THE impact of coronavirus on people’s livelihoods has been laid bare by figures that show a 70 per cent increase in the number of people claiming Universal Credit in Wychavon District between March 12 and April 9.
The figures, from the Department of Work and Pensions, show that UC claimants in Wychavon jumped by 2,519 from 3,597 to 6,116 in just four weeks – the highest in Worcestershire.
DWP spokesman for Herefordshire and Worcestershire Duncan Campbell said they were braced for another surge when the April figures come out.
“We’ve seen a huge rush of claimants in a short period of time and across the country we re-deployed around 10,000 backroom staff to the front office to make sure claimants were processed in time,” he said.
He put the huge increase in claimants in Wychavon down to losses in hospitality and tourism and a loss of manufacturing jobs.
The West Midlands average as a whole is half the Wychavon total, at 35 per cent.
Across the rest of Worcestershire, Bromsgrove District saw an increase in claimants of 61.9 per cent over the 28 days, rising from 2,641 to 4,277.
Malvern Hills also saw a surge, up 53.3 per cent from 2,189 to 3,356, while Worcester saw its number of claimants rise by 51.8 per cent from 4,011 to 6,090.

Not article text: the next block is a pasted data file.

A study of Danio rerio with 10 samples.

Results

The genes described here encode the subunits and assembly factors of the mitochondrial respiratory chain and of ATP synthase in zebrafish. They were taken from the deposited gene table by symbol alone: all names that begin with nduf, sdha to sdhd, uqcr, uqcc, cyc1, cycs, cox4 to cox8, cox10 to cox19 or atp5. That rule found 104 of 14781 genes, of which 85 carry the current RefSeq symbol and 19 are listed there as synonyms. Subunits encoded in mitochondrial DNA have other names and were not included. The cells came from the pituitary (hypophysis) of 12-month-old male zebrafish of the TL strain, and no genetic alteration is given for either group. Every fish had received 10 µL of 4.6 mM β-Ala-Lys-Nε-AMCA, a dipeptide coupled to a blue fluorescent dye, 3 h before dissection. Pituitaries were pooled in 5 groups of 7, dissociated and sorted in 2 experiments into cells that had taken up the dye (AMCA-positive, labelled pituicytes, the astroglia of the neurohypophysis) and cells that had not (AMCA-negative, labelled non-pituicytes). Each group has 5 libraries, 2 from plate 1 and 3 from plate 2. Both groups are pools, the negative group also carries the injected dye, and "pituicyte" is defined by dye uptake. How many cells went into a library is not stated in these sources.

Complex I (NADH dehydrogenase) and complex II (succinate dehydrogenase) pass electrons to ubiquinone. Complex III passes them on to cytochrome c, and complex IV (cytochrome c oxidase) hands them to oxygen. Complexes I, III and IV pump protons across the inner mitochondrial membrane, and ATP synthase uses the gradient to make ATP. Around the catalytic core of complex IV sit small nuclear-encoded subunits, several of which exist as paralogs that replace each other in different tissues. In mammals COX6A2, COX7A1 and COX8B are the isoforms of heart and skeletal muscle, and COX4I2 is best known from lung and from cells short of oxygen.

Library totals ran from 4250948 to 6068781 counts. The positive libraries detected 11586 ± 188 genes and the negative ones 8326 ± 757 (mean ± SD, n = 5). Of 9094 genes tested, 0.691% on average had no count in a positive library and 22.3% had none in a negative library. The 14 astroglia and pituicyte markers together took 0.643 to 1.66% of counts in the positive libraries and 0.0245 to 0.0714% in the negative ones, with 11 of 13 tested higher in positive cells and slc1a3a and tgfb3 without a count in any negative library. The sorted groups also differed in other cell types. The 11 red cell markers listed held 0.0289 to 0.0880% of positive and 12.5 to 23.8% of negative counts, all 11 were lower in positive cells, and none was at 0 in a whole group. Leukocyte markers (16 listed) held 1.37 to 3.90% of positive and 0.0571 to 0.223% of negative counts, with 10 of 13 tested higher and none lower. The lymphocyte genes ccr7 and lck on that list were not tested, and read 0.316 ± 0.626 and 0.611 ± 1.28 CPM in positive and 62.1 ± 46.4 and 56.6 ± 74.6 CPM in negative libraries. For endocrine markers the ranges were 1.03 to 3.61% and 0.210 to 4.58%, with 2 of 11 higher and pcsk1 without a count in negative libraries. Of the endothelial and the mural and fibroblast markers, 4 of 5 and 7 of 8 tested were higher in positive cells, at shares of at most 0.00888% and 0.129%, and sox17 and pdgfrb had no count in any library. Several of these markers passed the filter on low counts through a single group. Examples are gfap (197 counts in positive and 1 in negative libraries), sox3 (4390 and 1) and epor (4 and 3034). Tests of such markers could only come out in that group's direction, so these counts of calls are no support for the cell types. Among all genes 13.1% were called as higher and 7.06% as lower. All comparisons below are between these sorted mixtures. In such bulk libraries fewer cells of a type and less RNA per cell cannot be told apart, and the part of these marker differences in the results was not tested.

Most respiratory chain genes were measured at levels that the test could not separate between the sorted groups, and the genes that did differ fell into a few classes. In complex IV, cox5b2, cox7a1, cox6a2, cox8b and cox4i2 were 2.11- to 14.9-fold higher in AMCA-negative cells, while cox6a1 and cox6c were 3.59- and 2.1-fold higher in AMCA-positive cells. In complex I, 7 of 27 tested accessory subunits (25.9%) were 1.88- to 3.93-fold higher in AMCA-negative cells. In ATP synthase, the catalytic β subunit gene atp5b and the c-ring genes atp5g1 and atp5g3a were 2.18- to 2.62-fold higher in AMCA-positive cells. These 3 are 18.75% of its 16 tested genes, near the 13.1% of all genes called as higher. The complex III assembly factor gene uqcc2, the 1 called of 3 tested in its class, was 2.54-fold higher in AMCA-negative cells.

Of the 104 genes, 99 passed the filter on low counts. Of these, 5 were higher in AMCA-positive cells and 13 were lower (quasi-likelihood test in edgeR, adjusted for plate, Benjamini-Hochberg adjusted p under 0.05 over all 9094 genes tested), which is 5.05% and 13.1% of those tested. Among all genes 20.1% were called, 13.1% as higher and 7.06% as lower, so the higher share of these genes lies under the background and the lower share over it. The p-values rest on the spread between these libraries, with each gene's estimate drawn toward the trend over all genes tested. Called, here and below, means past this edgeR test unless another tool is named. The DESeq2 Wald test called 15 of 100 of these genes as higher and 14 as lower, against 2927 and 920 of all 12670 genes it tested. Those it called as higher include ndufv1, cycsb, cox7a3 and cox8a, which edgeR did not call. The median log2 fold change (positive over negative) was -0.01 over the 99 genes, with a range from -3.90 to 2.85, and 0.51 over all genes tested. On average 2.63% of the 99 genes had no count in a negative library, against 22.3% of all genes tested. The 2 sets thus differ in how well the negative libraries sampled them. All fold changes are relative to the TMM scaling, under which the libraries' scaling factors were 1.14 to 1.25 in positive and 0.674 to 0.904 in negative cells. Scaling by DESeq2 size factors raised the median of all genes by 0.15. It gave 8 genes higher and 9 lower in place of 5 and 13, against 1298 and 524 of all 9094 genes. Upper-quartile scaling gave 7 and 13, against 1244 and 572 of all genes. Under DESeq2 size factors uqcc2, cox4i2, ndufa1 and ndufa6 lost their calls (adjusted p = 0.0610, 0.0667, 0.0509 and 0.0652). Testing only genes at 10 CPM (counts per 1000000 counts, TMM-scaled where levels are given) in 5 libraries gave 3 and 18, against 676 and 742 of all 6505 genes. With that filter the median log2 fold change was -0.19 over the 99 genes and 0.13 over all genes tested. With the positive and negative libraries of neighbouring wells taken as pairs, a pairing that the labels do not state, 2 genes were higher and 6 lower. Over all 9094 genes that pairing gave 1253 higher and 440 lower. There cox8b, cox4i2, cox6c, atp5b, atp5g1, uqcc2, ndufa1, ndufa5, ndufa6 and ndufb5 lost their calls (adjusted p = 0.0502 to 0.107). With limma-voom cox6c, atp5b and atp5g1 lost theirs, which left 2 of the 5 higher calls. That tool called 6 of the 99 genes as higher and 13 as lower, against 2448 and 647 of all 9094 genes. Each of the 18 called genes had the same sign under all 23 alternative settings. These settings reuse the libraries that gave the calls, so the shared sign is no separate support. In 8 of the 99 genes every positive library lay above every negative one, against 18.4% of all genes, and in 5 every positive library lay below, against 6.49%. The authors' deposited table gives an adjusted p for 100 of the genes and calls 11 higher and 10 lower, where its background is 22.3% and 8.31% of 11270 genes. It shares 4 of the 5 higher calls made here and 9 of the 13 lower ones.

Redditch Borough, the area with the highest level of employment in the county, managed to keep its increase in claimants below the regional average, but even then it saw an extra 1,574 people claiming UC, up from 4,544 to 6,118, an increase of 34.60 per cent.
Mr Campbell said to help claimants the DWP had launched three new websites for job hunters, employers and to improve education/skills.
“Looking at job opportunities the bulk of them at the moment are in care, both health care and social care.
“We’ve small numbers coming through from construction and manufacturing and we’re anticipating more of the land based work like pick and pack to come in.”
Speaking on the surge of UC claimants, Minister for Employment Mims Davies MP said: “Clearly these figures are behind on our current struggle but the impact of this global health emergency is now starting to show – and we’re doing everything we can to protect jobs and livelihoods.”